New York artist Steve Mumford until recently was a combat artist in Iraq. He was embedded -- just like news reporters and photographers -- with the Army's Third Infantry Division out of Fort Stewart, Ga.
"I've been trying to paint or depict scenes that show some sort of dramatic narratives involving human emotions," said Mumford, who started drawing as a child. "Probably that's what attracted me to the war. In a sense, war is the ultimate dramatic human narrative -- certainly one of them."
When Mumford arrived in Baghdad, the city had already fallen to American forces. He spent a couple of days getting his bearings, found the Third ID, and approached the unit's commander.
"I kind of shouted over the noise of the engines of the Bradley what I wanted to do," said Mumford. "I told him I was an artist. And he seemed interested so he said, 'Yeah, jump on.' "
Mumford would paint and sketch whenever the unit stopped moving. When it was too dangerous, he would snap a quick photograph and paint when he reached safety.
"When the battle was going on, I stayed below in the armored personnel carrier and passed up ammunition," he said. "I took some photographs by holding the camera up just above the lip of the carrier and photographed what I could. Basically, it was incredibly loud and quite scary."
As many artists will attest, there is nothing like a sketch pad to attract the curious. In Mumford's case, it was a way to meet Iraqis.
"I would have a small crowd of Iraqis around me every time I would start to draw," he said. "There was kind of an interaction between me and the people of Baghdad, which was a lot of fun and usually led to another drawing. Usually somebody would see me and invite me to come over and have tea with him, and I would wind up getting about six good drawings out of a good day like that."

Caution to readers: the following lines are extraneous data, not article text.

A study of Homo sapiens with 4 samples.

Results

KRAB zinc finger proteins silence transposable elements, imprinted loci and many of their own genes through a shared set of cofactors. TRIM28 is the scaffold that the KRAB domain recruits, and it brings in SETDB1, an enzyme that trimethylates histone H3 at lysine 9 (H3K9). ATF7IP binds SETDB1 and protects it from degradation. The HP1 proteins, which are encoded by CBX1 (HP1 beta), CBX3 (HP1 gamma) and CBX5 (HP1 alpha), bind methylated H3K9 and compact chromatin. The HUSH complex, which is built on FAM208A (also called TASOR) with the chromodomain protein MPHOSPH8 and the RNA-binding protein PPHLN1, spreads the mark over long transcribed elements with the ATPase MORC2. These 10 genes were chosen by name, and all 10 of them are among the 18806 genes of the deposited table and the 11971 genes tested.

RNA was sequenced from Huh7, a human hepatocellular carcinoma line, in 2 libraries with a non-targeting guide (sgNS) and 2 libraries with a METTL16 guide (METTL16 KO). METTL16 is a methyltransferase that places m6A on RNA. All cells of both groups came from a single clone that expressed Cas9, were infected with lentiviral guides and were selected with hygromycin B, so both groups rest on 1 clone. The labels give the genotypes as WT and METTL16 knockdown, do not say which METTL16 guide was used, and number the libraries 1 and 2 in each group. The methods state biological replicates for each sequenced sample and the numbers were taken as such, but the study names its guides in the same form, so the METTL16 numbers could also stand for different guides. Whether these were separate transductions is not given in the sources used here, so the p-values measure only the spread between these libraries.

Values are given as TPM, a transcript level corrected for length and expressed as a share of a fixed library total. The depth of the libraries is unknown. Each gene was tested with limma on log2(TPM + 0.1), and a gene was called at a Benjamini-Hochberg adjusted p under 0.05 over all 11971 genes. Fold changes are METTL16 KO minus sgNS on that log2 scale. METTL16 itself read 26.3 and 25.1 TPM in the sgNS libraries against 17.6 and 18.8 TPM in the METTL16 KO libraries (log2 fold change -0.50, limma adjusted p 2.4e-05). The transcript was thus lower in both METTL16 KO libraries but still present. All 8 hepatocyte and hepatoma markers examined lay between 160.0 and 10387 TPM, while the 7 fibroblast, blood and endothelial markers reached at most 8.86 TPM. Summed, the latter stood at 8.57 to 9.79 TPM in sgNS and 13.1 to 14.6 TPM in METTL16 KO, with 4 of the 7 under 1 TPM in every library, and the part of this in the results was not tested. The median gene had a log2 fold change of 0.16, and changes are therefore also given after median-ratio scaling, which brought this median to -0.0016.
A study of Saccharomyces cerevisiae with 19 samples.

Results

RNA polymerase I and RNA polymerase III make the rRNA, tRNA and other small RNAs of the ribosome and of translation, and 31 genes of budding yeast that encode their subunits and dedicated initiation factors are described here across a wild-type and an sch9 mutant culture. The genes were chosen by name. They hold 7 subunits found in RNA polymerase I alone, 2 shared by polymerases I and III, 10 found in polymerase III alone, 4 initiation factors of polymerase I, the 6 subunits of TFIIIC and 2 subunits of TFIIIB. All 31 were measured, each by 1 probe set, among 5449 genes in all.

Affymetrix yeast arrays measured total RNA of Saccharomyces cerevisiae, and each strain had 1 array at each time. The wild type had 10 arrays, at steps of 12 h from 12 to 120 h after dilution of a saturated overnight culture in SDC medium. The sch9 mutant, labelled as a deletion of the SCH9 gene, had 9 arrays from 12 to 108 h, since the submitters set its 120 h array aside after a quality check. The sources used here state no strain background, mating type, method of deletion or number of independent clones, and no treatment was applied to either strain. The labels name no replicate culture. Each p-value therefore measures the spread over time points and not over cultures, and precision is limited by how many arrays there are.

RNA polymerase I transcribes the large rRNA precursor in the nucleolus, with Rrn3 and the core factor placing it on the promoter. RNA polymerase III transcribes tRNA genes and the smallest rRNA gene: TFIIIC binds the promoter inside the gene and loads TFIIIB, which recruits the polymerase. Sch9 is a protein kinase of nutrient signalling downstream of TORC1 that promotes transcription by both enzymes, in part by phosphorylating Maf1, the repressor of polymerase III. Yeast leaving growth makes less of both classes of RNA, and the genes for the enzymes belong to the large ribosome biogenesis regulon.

Mumford's paintings and sketches include the mundane -- such as people playing Dominoes -- to the moving -- like a memorial service for a fallen soldier.
"Most people in the room were crying eventually -- including me," he said, looking at the memorial painting.
Tradition of Combat Artists
Mumford is part of a great tradition. Every country that has gone to war -- including Britain, France, Russia and Canada -- has had combat artists. Mumford says he was influenced by Winslow Homer, an artist who rose to fame during the Civil War.
After the world wars, however, combat artists were largely replaced by combat photographers.
"Part of what I'd like to do is to revive an interest" in artists, Mumford said, "because I think that art can bring a lot that photography can't."
After spending more than 10 months in Iraq, Mumford felt it was time to leave.
"The security situation in Baghdad was rapidly deteriorating," he said. "It was harder and harder to leave the hotel. I felt increasingly like I was being watched."
Today, at home in New York City, he is finishing some of the work he started overseas. In every way, he says, it was an extraordinary experience.
"It was actually fascinating," he said. "We did everything from stopping bank robberies that were in progress to checking on other battalions strewn around Baghdad. I didn't know what I was going to find when I got to Iraq, but I certainly found a lot of subject matter that I think I am going to be chewing over for years to come."
Mumford's artwork can be found at www.artnet.com/magazine/features/baghdadjournal.asp.
Peter Jennings filed this report for "World News Tonight."